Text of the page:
I was out at the country on the tenth ‘anniversary’ of the closure of the last Woolworths store in the UK – 6th January to be exact. I had already contributed to an element of the ‘celebration’/‘remembrance’, so didn’t feel too left out. In my case, any thoughts I had were rather put in the shade by the publication by – amongst other things – Woolworths expert Graham Soult (@soult, www.cannyinsights.com) on “#Woolies10 – Ten Years On: What has become of Woolworths’ Former Stores?” (Available for free download from www.cannyinsights.com).
Woolworths closed in the UK in 2009, some 10 months short of what would have been a centenary of operations in the country at the heart of Britain’s high streets. I have covered aspects of this before, and in particular how the company came to occupy a cultural and social place in the shopper’s psyche. Britain’s streetscape owes a debt to Woolworths as Kathryn Morrison’s excellent book shows, but it is far more than the physical buildings, as grand as many were. The nostalgia for Woolies demonstrates the affections held for it by many – though we should note that these people (me included) are probably (in some cases substantially) the wrong side of 50, as the company’s heyday was in the early 1980s at the very latest. I have noted their customer numbers before:
This nostalgia formed the basis of a half-hour radio programme on BBC Radio Scotland on the 23rd December. In it Kathryn Morrison, myself and employees, managers and customers of Woolworths explored the memories it evokes (see the BBC video teaser). As Kathryn noted on Twitter, nostalgic but also poignant.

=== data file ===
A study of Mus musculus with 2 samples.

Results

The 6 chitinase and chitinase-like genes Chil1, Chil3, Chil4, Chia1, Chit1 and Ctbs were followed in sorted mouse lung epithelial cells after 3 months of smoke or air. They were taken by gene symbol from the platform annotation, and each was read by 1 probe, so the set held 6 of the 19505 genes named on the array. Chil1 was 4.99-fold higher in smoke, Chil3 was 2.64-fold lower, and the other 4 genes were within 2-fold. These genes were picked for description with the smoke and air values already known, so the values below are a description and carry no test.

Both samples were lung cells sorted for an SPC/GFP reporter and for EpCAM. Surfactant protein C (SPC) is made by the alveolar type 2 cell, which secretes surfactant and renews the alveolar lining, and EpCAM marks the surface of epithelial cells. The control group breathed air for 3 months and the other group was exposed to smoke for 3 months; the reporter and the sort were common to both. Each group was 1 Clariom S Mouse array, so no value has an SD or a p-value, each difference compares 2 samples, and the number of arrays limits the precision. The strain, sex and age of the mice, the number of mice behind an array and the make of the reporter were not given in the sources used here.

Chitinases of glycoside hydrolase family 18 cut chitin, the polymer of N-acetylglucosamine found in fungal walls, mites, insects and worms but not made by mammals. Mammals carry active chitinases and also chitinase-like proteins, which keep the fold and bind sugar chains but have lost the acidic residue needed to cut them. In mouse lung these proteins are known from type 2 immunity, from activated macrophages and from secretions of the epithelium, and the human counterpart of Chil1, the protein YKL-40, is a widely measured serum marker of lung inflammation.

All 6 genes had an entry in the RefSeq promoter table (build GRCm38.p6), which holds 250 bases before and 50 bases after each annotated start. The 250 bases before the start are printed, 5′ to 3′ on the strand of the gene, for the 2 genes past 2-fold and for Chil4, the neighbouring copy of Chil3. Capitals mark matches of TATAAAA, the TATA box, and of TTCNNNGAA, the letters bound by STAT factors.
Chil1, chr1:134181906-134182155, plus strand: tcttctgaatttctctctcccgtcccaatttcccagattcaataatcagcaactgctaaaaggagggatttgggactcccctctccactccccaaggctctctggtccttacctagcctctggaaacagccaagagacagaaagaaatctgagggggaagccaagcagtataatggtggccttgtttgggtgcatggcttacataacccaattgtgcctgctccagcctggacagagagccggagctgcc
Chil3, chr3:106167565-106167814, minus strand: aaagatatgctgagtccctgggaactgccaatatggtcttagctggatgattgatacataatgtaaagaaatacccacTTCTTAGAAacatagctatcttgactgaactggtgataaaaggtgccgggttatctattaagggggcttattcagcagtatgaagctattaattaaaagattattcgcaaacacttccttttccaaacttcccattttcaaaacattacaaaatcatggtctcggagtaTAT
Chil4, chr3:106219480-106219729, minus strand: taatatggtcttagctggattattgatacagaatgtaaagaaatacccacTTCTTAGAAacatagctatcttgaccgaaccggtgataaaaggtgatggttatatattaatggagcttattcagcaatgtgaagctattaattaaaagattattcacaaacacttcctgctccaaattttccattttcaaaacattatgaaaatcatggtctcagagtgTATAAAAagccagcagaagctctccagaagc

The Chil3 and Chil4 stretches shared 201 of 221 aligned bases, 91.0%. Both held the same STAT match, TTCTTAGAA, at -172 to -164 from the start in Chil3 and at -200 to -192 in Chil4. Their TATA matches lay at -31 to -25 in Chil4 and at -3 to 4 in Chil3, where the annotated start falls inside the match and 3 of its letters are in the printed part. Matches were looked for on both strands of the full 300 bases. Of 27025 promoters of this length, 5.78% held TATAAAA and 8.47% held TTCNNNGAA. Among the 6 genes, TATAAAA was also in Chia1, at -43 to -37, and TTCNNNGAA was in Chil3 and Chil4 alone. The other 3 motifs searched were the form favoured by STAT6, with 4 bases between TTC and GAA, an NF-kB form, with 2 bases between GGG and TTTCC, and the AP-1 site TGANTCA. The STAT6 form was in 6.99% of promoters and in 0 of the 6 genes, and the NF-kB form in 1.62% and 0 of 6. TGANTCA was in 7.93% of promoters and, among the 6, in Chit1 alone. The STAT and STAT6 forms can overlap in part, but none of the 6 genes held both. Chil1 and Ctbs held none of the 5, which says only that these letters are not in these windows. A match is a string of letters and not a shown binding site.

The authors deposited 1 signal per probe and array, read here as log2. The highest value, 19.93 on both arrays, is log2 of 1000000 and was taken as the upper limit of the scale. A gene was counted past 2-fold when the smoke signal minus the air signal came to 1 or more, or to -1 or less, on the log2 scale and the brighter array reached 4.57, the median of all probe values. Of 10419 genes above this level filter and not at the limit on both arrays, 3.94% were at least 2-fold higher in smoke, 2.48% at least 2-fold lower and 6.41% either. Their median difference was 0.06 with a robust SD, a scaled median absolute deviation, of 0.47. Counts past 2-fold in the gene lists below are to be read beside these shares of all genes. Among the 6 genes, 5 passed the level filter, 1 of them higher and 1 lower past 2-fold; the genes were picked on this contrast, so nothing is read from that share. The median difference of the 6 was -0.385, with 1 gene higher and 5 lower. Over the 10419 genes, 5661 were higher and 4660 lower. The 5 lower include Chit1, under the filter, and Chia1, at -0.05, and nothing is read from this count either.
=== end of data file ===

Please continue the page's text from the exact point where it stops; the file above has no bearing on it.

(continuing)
So why does Woolworths continue to fascinate? Graham Soult in his report points out that the 807 stores that closed in the 2008/9 collapse are equivalent to 2500 Tesco Express Stores or 63 John Lewis stores. This was a collapse of a big retailer with a particular place in society (even if that place was a shadow of its former glories). That place was physical but also social and cultural. Most retailers never attain this combination of reputations.
#Woolies10 brings the story of this collapsed store estate up to date. I can not do justice to the effort and insight involved in preparing this short report. I would encourage anyone with an interest in Woolies or British high streets to read it. A few things were reinforced for me.
- The vast majority of stores remain in active use – the closure was not a location issue but a trading issue
- Almost half of the occupiers are those who to some degree have an offer similar to Woolworths – it was performance and operations that was the problem
- Churn is found in over a third of locations i.e. current occupiers are not those that took over the sites initially. A number of these are pound stores where the occupants have themselves collapsed or been taken over. Change is a retail phenomenon and indeed the sites have proved resilient.
There are many other points that the report notes, but space precludes coverage of all of these. The detail is well worth reflecting upon, including the relative small numbers of stores that have been demolished, been subdivided or gone away form retail use. The insight it gives to change over the last decade is fascinating.
There is also a nice coda on the ‘ghostsigns’ of Woolies. This is of course written in the shop architecture which often remains, but some more transient physical signs or fascias still exist or get uncovered. I was particularly pleased to see that one sign from a store has been incorporated in a bar/roof terrace now on the previous site!
Finally, and this is not a challenge to @soult to document all Woolworths everywhere! I was actually in South Africa on the anniversary date. Woolworths as the photos below show is alive and kicking there, though it bears no resemblance to the UK operation, sharing more than a little of its DNA with Marks and Spencer. But that as they say is a very different story.